Archive for January, 2010

The Masqueraders

[openbook booknumber=”1402219504″][rating:5/5]

Born to a father set on having adventures, Prudence and Robin Tremaine have lived a life on the run. They constantly are moving (often fleeing) from one place to another, and often have to do so in disguise. After Robin and his father take part in the failed Jacobite rebellion they split up and flee into the country side. Robin meets up with his sister, who stayed out of it, and they decide to swap genders to thoroughly hide Robin in the last place anyone will ever look – in a set of petticoats – to prevent him from being hanged. Prudence then becomes Mr Peter Marriot and Robin becomes Miss Kate Marriot.

Together they travel to London and hope to meet up with their father there. That’s when they meet Sir Anthony and Letitia, Letty is currently attempting to elope with a Mr Markham only to find that he is a brute and not worth marrying, her attempt to change his mind on this score proves dangerous though. With the siblings help (a false swoon by “Kate” and a swift uppercut with the hilt of a sword by “Peter”) they rescue Letty and restore her to Sir Anthony, a friend of her father’s. In that meeting “Kate”, er, Robin falls hopelessly in love with Letty and “Peter”, er, Prudence falls hopelessly in love with Sir Anthony. Now, in true Georgette Heyer fashion, the stage is set for a romp unlike any other!


I’m about half way through the book now and am really enjoying it so far. The Hobbit turned out to be much lighter, easier, not to mention fun, reading than I thought it would be! I think I must have tried reading the LOTR trilogy at some point and that must have swayed my opinion of The Hobbit. Really, the more I read the more I remember about this series. I would have sworn before I started that I had never read any of these books before, apparently that is not so!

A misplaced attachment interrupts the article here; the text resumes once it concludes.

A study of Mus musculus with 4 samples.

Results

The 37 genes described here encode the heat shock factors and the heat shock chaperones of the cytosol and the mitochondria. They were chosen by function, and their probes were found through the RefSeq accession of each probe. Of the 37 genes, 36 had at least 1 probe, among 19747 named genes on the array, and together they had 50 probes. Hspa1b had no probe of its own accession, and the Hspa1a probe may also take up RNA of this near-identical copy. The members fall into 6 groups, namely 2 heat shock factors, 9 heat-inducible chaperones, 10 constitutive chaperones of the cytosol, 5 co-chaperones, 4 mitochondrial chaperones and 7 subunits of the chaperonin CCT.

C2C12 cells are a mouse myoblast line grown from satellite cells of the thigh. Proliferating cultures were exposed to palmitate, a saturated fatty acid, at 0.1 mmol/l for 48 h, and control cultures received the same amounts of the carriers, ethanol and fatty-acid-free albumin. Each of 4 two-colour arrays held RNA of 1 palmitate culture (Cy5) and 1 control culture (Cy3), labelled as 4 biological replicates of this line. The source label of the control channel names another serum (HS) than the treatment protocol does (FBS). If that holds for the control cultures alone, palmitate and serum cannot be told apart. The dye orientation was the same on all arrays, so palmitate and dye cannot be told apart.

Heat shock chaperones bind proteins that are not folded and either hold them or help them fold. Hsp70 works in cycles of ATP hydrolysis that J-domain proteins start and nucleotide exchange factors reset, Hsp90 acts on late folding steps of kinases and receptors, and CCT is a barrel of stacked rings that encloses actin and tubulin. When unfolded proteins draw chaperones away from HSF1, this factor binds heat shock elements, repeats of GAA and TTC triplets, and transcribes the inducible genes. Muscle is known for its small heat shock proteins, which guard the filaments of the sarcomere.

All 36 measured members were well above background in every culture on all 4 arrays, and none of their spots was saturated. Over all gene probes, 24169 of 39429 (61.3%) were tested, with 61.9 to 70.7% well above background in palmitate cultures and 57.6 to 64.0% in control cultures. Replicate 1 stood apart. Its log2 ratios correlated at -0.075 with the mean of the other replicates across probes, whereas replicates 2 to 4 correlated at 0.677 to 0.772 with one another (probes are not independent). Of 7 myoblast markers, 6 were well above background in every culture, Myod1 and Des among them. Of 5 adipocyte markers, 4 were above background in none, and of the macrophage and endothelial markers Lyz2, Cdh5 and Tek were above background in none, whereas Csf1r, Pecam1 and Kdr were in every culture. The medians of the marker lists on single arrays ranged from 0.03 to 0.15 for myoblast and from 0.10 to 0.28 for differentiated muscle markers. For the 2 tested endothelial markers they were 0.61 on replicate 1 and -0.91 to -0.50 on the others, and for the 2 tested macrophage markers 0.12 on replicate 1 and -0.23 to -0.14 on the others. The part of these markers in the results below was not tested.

So I’ve decided to join the LOTR read-a-long. My husband is a huge fan of all of the books and I, sadly enough, have only ever read The Hobbit! I really have a lot to make up for in reading to him, and this will be just the tip of the ice berg, but I’m looking forward to spending the next few months getting to know the books that my husband loves to well.

To kick off the read-a-long we are starting in January with The Hobbit over at A Striped Armchair. Here are the first set of discussion questions:


[openbook booknumber=”1569246173″][rating:3/5]

In The Return of the Light Carolyn McVickar Edwards assembles twelve legends, folktales and fairy tales told about the “return of light” that occurs at the winter solstice. I should have read this in December but when I came across it earlier this month I couldn’t help checking it out from the library. I wanted to know more about the roots of the older traditions surrounding the Winter Solstice before it was taken over by the Church. I didn’t really find that, but I did find several different takes from around the world on just what happens during the solstice, the shortest day of the year, and their explanations for why the sun goes away, and more importantly why it comes back after.


by Paul Walther

[rating:1/5]

The short story “Splitfoot” was published in The Years Best Fantasy and Horror 2008. It is a story about a young woman named Violet who is in financial debt with a man named Royce, to help get her out of debt she calls in her friend Trixie to exchange some property up north. Trixie pays off her debt by giving the land to Violet, Violet pays off her debt by then transferring the land to Royce. All right and tight. Until they go up to see the property and see that something there has somehow gone terribly wrong.

I read this story through twice. I still don’t think I understand completely what happened, why it happened, or what the ending was supposed to mean. The evil found haunting the house up north was frightening. What happened was horrifying in a very The Exorcist sorta kind of way. That said I’m not sure what to say to not spoil it because I don’t get what’s pertinent and what’s not. Did they bring the demon? Was the demon already there? Was the demon attached to one of the characters? Why did it target the child? Why did two of the three main characters pretend nothing had happened afterward? It was all very confusing and I’m afraid I didn’t catch the vibe at all with this one.